Oct. 1, 2009
By Tim Simard
Williston property owners looking to build on their land had better do so within the time specified in their permit of approval.
That’s the message the Development Review Board expressed at its meeting last week, and even asking for an extension after the permitted construction time has expired is unlikely to yield results.
The board decided on Sept. 22 to not allow a construction phasing extension on two projects, one of which entered the permitting process 11 years ago.
“We did not want to set a precedent,” board Chairman Kevin McDermott said after the meeting.
The board’s decision would most likely have long-ranging effects on any developer looking to extend phasing, Planning Director Ken Belliveau said. This was the first time the board revisited projects introduced before 2005 for phasing extensions, he added.
“It was an unusual night in that regard,” McDermott said.
Brian Brewster, who owns a lot on Boulder Drive near Walker Hill Road, and Burlington real estate broker Sandy Wynne, sought extensions at Tuesday’s meeting. Wynne represented the owners of a two-lot subdivision on Lincoln Road who were hoping for an extension, as well.
Both projects received phasing under different rules than what is in place today. Phasing extensions were allowed more often under old growth management rules, but the board said whatever applies today must stand.
Paul Gillies, the town’s lawyer, essentially said the same thing in a letter to Belliveau.
“If the time just ran out, and the delay was caused by mere inactivity, then I think it’s appropriate to treat the new ordinance as applying to the project,” Gillies wrote.
“If the rules change, that doesn’t mean you’re vested,” Belliveau said, interpreting the letter to the board. “The town would likely prevail in a lawsuit.”
Brewster’s property hails back to developer Bill LaCasse’s project from 1998. Originally, LaCasse planned for a 21-lot subdivision, but the project was eventually pared down to nine lots, Wynne explained. Four of the nine lots have been developed, she said.
Brewster told the board a number of personal issues kept him from being able to build a house on his property. He bought the land in 2003 from LaCasse, who passed away recently.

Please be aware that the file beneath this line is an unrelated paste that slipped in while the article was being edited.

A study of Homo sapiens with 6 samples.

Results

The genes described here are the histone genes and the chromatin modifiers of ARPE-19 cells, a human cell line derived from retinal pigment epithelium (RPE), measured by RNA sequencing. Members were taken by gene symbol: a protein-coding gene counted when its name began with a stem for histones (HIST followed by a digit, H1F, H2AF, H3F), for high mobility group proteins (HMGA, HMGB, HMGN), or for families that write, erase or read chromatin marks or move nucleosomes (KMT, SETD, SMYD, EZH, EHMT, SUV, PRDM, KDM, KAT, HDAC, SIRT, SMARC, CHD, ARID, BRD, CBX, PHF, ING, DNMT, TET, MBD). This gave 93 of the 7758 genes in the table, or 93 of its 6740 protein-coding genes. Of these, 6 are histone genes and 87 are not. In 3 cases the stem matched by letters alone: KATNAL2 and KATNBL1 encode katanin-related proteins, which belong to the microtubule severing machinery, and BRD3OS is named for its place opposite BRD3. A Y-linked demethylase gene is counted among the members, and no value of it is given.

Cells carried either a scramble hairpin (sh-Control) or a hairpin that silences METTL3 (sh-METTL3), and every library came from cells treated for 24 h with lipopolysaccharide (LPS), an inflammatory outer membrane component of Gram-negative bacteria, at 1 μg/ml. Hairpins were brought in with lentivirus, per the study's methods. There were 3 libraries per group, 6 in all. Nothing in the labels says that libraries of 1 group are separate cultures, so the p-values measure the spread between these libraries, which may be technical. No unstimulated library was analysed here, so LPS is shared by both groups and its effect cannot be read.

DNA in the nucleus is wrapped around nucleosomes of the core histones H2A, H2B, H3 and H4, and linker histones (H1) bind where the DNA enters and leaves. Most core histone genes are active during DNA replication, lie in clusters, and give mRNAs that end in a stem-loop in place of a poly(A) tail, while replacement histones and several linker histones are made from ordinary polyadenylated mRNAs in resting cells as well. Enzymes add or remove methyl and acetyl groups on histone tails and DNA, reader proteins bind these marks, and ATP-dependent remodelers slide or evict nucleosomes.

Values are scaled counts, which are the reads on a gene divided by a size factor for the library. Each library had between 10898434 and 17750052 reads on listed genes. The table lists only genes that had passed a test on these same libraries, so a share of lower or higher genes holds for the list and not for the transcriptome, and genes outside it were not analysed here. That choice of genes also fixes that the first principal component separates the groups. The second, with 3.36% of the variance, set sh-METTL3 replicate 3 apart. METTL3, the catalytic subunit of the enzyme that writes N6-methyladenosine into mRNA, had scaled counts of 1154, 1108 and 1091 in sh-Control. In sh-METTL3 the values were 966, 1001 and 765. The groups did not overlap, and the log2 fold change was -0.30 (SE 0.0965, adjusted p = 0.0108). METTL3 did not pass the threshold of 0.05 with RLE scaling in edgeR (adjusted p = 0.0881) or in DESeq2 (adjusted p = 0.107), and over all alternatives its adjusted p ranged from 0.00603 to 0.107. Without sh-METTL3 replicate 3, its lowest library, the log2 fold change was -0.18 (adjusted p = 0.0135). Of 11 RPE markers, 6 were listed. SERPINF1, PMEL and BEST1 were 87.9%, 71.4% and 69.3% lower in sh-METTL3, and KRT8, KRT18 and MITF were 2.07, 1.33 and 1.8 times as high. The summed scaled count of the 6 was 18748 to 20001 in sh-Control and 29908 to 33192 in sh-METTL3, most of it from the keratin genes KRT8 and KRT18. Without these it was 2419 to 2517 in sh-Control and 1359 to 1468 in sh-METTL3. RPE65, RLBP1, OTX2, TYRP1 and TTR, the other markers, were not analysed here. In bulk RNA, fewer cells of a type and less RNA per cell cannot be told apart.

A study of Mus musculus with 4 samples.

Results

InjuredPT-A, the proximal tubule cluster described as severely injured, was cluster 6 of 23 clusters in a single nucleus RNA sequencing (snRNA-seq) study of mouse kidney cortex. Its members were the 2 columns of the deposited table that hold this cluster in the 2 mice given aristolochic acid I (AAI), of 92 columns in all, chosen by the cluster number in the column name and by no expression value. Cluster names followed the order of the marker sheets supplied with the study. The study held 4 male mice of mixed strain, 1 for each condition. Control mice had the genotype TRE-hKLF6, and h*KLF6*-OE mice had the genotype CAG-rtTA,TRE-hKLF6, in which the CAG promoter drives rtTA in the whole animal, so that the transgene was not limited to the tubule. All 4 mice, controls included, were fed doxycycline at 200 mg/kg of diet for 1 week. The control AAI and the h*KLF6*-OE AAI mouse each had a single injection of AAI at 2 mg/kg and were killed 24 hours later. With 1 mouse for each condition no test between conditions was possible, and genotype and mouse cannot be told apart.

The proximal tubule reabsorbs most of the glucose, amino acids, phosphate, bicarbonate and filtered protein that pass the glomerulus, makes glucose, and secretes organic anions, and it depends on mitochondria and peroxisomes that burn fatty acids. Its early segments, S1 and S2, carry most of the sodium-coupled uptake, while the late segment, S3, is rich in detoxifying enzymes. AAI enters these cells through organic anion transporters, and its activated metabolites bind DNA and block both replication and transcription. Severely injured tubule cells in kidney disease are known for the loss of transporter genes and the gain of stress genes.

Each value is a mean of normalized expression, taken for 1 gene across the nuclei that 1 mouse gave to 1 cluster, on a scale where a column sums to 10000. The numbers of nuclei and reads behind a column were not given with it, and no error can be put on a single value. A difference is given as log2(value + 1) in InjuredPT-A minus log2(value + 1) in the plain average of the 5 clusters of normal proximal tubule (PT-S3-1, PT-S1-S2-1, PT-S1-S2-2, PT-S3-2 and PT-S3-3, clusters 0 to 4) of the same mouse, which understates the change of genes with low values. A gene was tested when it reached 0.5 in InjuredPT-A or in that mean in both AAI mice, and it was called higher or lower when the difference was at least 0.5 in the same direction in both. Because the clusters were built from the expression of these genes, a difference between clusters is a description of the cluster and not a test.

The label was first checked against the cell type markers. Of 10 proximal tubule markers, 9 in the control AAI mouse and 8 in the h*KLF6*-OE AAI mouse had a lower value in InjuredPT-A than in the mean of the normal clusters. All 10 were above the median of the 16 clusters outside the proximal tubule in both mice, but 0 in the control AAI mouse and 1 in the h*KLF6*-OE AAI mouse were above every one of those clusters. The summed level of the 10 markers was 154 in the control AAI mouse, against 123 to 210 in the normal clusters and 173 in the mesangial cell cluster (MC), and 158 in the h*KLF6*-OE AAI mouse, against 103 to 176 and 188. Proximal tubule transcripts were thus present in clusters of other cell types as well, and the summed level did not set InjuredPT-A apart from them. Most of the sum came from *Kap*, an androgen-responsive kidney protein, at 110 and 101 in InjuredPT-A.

“Basically, we’re trying to get rid of our property — we just can’t keep it anymore,” Brewster said.
He said he wanted an extension so he could sell the property to an owner who could easily get a building permit without going through the growth management process. It would make for a more viable sale, Brewster argued.
On Lincoln Road, the Tangalo family was looking to extend its phasing since no one has bought the wooded lot yet, said Wynne. She said the family has had difficulty selling the property due to many factors, including the economic recession.
“The only way you’re going to move land in this market is to drop the price substantially,” Wynne said.
Belliveau said the Tangelo project was unique because the family could have had an extension under its conditions of approval. The property owners had until July 1, 2009 to send a formal extension request, he said. Instead, a request came in August, after the deadline. Belliveau added that he has granted phasing extensions in the past to projects that turned in a formal request on time.
“The board’s view was, it doesn’t matter if you’ve missed the deadline by a month or missed it by a day,” Belliveau said after the meeting.
For the two projects to achieve phasing again, the developers would again have to go through the growth management process. They would have to compete with other developments vying for a limited number of construction units. Williston allows a finite amount of growth per year within each of three different districts.
“I believe the board’s feeling was that (the developers) had a certain amount of time to act and they didn’t do anything,” Belliveau said.